Shareholders will be breathing a sigh of relief as Tuesday's interim results contained no sign of another profit warning following the downgrade to full-year guidance issued last month.
READ: WYG lowers full-year guidance, but medium-to-long-term opportunity remains undiminished, finnCap says
Management said the underlying business remained robust and was expected to return to a growth trajectory in the medium term.
This confidence was underpinned by the group's order book, regarded by management as the group's key lead indicator, which had risen to its highest level in recent years at £170mln, up 17% on the level six months earlier.
The firm's International Development business is performing broadly in line with expectations but as previously flagged, the Consultancy Services arm is experiencing lower-than-anticipated trading volumes.
Revenue in the six months to the end of September rose 3.8% to £76.2mln from £73.5mln the year before.
The Consultancy Services business stream, which accounts for around three-quarters of the group's revenue, saw revenue dip slightly to £56.9mln from £57.3mln the previous year.
The International Development business generated a 19.5% increase in revenue to £19.3mln from £16.1mln.
READ: WYG to come on strong in second half as slow starts to new contracts hamper near-term performance
Adjusted operating profit before tax declined to £1.0mln from £2.8mln in the corresponding period of 2016, while a provision of £2.45mln for legacy contract claims from discontinued businesses meant the company made a loss before tax of £2.8mln, versus a profit the year before of £0.8mln.
The interim dividend was maintained at 0.6p.
Net debt at the end of the reporting period had deepened to £10.1mln from £4.9mln a year earlier but is expected to narrow to around £6mln-£7mln by the year-end.
Stronger second half expected
“We continue to anticipate a stronger second half, consistent with our historical seasonal trading pattern and our guidance in November,” said Douglas McCormick, the chief executive officer of WYG.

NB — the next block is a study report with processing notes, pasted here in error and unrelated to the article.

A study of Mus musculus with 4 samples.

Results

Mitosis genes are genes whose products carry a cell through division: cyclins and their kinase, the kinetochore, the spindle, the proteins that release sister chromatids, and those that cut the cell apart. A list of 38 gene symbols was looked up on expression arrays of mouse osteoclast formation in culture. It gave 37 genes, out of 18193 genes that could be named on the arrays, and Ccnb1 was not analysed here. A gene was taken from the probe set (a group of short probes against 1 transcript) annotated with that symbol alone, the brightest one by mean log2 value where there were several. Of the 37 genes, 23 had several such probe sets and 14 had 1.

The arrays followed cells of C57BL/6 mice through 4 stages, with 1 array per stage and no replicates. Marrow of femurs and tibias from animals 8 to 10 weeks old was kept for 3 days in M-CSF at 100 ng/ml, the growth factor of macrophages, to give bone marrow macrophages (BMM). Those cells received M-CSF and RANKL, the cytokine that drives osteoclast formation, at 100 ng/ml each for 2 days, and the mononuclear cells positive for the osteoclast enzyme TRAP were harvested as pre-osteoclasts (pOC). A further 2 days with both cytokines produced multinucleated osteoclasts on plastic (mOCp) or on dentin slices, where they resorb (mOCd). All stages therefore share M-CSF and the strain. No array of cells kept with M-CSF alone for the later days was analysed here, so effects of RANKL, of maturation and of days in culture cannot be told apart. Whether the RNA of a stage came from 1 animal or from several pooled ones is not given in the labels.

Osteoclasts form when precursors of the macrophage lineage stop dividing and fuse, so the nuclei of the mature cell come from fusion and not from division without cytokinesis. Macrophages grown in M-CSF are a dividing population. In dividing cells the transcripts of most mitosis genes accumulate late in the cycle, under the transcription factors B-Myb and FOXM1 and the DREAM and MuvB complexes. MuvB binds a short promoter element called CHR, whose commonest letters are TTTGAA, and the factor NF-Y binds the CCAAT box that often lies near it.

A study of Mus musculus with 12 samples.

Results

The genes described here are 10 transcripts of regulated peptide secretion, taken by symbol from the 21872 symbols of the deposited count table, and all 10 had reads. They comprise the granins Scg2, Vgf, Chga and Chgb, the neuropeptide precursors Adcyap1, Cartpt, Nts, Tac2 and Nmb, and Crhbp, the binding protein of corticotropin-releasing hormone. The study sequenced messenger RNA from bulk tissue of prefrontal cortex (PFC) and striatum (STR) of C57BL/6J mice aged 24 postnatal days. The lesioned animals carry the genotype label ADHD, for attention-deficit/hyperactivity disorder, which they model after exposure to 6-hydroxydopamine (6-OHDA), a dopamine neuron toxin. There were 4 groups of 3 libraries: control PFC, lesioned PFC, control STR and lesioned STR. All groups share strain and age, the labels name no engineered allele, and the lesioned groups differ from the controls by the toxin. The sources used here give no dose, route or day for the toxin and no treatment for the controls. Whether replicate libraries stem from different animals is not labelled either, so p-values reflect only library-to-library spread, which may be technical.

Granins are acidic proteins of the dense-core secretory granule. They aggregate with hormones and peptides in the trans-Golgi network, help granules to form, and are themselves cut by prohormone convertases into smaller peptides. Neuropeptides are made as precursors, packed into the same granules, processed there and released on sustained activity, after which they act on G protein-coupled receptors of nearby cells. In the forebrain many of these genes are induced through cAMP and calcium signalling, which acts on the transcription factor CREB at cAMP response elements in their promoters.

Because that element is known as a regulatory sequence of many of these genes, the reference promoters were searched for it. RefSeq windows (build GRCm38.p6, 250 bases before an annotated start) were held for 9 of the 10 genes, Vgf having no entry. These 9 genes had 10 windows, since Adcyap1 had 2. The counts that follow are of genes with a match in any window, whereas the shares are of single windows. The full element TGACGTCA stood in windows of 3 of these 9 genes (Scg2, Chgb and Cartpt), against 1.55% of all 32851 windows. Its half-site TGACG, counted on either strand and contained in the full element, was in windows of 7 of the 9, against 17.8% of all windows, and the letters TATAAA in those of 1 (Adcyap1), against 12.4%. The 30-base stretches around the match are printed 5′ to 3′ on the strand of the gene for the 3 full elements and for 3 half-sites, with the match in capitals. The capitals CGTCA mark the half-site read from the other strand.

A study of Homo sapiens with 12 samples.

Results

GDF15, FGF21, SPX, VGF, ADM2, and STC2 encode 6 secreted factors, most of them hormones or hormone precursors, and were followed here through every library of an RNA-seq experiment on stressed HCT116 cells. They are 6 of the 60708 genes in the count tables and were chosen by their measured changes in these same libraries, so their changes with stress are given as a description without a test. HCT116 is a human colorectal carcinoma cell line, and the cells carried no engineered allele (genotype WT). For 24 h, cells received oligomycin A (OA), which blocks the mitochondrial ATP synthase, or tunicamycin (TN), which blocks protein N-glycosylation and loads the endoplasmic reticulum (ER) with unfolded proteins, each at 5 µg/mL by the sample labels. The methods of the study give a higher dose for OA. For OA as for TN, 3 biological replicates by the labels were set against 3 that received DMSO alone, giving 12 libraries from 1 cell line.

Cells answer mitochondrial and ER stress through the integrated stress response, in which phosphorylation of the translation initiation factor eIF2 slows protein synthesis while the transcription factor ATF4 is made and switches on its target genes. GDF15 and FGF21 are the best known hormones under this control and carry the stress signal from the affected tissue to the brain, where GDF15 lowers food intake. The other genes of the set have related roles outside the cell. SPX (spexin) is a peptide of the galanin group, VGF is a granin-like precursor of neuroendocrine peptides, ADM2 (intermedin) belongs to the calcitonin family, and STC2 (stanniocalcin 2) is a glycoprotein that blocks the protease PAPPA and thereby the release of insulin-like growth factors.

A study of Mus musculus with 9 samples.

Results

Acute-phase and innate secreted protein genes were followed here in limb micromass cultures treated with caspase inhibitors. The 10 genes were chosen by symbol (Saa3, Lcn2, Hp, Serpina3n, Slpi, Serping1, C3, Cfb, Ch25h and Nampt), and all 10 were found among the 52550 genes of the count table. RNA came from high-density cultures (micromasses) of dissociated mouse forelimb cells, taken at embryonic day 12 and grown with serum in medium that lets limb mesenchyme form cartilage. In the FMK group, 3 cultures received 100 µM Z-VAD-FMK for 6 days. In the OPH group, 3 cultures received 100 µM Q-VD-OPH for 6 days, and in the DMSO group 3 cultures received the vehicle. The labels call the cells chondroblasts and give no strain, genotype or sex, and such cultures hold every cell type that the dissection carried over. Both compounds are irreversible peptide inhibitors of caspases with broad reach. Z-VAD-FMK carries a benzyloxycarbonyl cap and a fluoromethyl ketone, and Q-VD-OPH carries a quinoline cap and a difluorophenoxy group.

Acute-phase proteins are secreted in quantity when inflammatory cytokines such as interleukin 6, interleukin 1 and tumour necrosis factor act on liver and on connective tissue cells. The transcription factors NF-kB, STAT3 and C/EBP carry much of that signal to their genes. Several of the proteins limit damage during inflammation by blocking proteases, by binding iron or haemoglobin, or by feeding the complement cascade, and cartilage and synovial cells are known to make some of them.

“We remain confident that the underlying business is robust and that, supported by a strong order book, we are taking the correct steps to return to a growth trajectory. Importantly, revenue is up on the comparative period and we are seeing major projects in both our principal business streams start to mobilise, albeit some months later than originally expected,” he added.
"Having met a number of major clients, visited almost all our offices and spoken with several hundred of our highly-skilled staff, I am reassured that WYG is a fundamentally sound business and that we have a strong platform from which to grow in the medium term," McCormack said.
Broker finnCap admitted that the results were poor and the immediate outlook remains difficult, but believes the long-term market potential remains undiminished supported by continuing or increasing investment in infrastructure, urban development and connected cities and fragile states.
“It will take time to stabilise the business (although management has commented that major projects are starting to mobilise), and pay down debt, but the significant fall in the share price assumes this. The first step is to evidence FY18 [fiscal 2018] is the bottom for profits and cash flow,”said analyst Guy Hewett, who rates the shares a 'buy'.
Hewett's target price is 50p; WYG shares were up 2.4% at 39.41p in lunchtime trading.
WYG is a leader in planning, environment and transport consultancy in the UK that works as a trusted advisor to businesses and organisations.
The company says it provides a 'truly differentiated service' rather than a commoditised product.
In Europe, the company does a lot of EU-funded work, while outside of that WYG works hand-in-glove with the British Government on projects in politically fragile emerging countries.
WYG’s expertise in providing societal improvement programmes in some of the world’s harsher economic environments is proving to be a key differentiating factor for the consultancy, leading it to win business in places such as Turkey, Jordan, Libya and Syria.